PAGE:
The films Pleasantville, Sin City and many music videos have all used the same technique. The isolation of a specific colour whilst the rest of the frame/spectrum has been completely desaturated into black and white.
This has always been a very popular look to achieve and the good news is that the new colour tools in Final Cut Pro X (10.4) make it even easier to get great results
The new tools in FCPX allow the editor very fine control over colours. Let's take this example of a brightly coloured image of a woman and try to isolate her red lipstick.
Use the shortcut CMD 6 to open up the colour correction controls in the Inspector.
The type of colour correction visible on opening will depend on what is set in the Preferences.
We need to use the Hue/Saturation Curves which can be accessed from the dropdown menu.
You will be presented with six different curves/lines, the one we are interested in is the second one down, HUE Vs SAT (Saturation).
This control will adjust the saturation of a colour depending on the hue. The spectrum is displayed across the line. the higher the line, the more saturation for that hue.
You can change the display to show one line by using the drop-down menu in the top right corner. It makes adjusting the controls easier with a larger display.
We need to isolate the red lipstick.
Click the eyedropper on the top left of the HUE Vs SAT control.
Then move over to your image or video and Click Drag an area of the colour you want to isolate. We enlarged the FCPX canvas here to help get the selection right without sampling any unwanted colours.
This will automatically put three points on the colour line. The one we are interested in is the one on the far left that has the vertical line running through it. This is the hue of the lipstick.
Then all we have to do is reduce the saturation of every hue apart from the lipstick. Do this by dragging the other two control points down and towards the lipstick hue. Think of the curve being joined together at both ends. It is slightly unfortunate that red is pushed up against the left hand side.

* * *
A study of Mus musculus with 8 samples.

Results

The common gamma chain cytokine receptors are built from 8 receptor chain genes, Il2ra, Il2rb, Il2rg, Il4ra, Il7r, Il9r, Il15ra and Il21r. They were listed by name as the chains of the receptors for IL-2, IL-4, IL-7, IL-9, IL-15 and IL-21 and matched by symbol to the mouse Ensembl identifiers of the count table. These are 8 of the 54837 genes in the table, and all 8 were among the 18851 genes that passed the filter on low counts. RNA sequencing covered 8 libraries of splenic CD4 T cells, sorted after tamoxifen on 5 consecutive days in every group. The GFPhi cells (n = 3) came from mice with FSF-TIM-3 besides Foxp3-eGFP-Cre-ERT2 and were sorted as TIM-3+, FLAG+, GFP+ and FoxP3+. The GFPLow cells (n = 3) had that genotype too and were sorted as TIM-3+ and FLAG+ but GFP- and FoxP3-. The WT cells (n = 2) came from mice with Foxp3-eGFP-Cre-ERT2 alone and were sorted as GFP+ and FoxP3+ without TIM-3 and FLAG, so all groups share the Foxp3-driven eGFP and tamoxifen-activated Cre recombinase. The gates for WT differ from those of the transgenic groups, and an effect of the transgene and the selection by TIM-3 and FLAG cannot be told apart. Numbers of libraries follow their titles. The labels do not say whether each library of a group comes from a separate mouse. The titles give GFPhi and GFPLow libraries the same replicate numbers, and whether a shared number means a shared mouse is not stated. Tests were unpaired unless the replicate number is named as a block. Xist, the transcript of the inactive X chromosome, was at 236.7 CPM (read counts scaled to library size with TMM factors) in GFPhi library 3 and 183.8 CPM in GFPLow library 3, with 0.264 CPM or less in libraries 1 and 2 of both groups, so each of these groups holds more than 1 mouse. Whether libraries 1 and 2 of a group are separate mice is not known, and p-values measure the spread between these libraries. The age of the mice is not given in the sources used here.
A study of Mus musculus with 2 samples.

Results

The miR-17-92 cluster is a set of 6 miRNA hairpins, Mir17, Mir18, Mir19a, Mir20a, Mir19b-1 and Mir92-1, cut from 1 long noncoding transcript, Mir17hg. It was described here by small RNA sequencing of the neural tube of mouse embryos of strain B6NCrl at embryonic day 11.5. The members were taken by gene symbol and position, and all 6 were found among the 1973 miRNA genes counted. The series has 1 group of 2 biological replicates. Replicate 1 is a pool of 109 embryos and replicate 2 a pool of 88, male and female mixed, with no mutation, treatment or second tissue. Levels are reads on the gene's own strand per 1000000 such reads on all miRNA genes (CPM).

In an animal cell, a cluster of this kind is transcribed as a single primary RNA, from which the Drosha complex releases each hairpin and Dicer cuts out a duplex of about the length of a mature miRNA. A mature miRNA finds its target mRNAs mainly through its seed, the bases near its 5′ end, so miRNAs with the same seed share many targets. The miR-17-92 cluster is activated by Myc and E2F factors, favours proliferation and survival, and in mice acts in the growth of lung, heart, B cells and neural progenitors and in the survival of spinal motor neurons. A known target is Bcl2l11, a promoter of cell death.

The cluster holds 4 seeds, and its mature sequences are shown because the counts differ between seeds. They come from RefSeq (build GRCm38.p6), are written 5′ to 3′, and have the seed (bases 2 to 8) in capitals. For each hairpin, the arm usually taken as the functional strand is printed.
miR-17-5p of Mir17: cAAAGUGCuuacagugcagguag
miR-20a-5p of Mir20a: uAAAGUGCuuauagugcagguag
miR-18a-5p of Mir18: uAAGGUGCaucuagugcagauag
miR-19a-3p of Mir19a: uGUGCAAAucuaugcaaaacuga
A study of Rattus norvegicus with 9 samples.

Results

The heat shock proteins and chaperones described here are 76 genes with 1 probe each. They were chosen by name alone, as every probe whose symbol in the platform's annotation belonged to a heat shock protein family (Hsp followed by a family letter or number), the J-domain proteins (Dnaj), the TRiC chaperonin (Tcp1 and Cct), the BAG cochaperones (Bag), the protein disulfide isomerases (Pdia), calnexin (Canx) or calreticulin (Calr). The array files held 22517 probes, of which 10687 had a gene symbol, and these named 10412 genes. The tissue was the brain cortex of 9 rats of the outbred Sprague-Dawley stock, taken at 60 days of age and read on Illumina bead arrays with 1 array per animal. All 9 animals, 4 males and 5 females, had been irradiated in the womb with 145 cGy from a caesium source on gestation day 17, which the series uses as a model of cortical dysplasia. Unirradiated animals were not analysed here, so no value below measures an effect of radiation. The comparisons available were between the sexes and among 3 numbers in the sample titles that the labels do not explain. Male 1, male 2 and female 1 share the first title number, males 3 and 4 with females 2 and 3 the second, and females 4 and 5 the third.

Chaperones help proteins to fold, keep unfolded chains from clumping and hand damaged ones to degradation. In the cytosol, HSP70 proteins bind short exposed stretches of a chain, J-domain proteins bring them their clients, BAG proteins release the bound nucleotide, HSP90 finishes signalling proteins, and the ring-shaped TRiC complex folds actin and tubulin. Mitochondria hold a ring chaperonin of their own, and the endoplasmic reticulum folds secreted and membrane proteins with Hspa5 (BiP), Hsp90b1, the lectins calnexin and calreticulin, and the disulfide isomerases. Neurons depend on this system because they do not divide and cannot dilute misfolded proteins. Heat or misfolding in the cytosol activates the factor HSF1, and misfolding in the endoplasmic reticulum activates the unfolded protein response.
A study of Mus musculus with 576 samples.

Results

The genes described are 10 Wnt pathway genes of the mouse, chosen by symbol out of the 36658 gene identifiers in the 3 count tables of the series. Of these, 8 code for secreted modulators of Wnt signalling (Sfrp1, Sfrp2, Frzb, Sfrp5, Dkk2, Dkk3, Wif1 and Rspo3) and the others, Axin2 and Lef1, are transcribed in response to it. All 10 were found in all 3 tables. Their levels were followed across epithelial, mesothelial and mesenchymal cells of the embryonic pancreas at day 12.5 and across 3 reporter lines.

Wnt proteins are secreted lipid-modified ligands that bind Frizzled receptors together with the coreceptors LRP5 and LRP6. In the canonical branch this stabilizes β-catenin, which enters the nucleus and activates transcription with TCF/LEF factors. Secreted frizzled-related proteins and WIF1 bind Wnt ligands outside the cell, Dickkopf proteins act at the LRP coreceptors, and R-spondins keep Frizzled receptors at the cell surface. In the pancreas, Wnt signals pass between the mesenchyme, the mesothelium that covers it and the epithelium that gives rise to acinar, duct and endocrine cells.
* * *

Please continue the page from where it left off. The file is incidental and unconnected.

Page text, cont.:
And there you have your bright red lipstick on top of a black and white image. No plugins needed and no stacking of layers - this all happens on the clip.
You can of course pick any colour, not just red. Here we have isolated the yellow and it makes reading the HUE Vs SAT curve slightly easier. We had to add an extra control point as the hues of the hat and vest were slightly different
Back to red and to go 'grungier' or to emulate the Sin City look, apply another colour correction instance, this time a Luma Curve which can be found in the Colour Curves selection.
Add a couple of control points to give it an 'S' curve to deepen the blacks and extend the highlights.
As with all keys, you might have to fine tweak the controls when the subject moves. You can keyframe the whole colour correction for a smooth transition.
You also might have to add a shape mask if the colour you isolated appears in the background. In the yellow example, you can see this happening in the woman's glasses reflections.
One Final thought. Don't forget you can save this look as a custom effect by clicking on the Save Effects Preset button in the bottom right hand corner.
In this tutorial we will show you how to get rid of unwanted colour casts using the Auto White Balance tool in Final Cut Pro X. We also publish a colour correction 'SuperTip' that's not to be missed.
In this tutorial we will show you how to obscure a word or profanity using only the tools found in Final Cut Pro X. A quick and easy way to bleep an interview, speech or 'piece to camera' for safe viewing.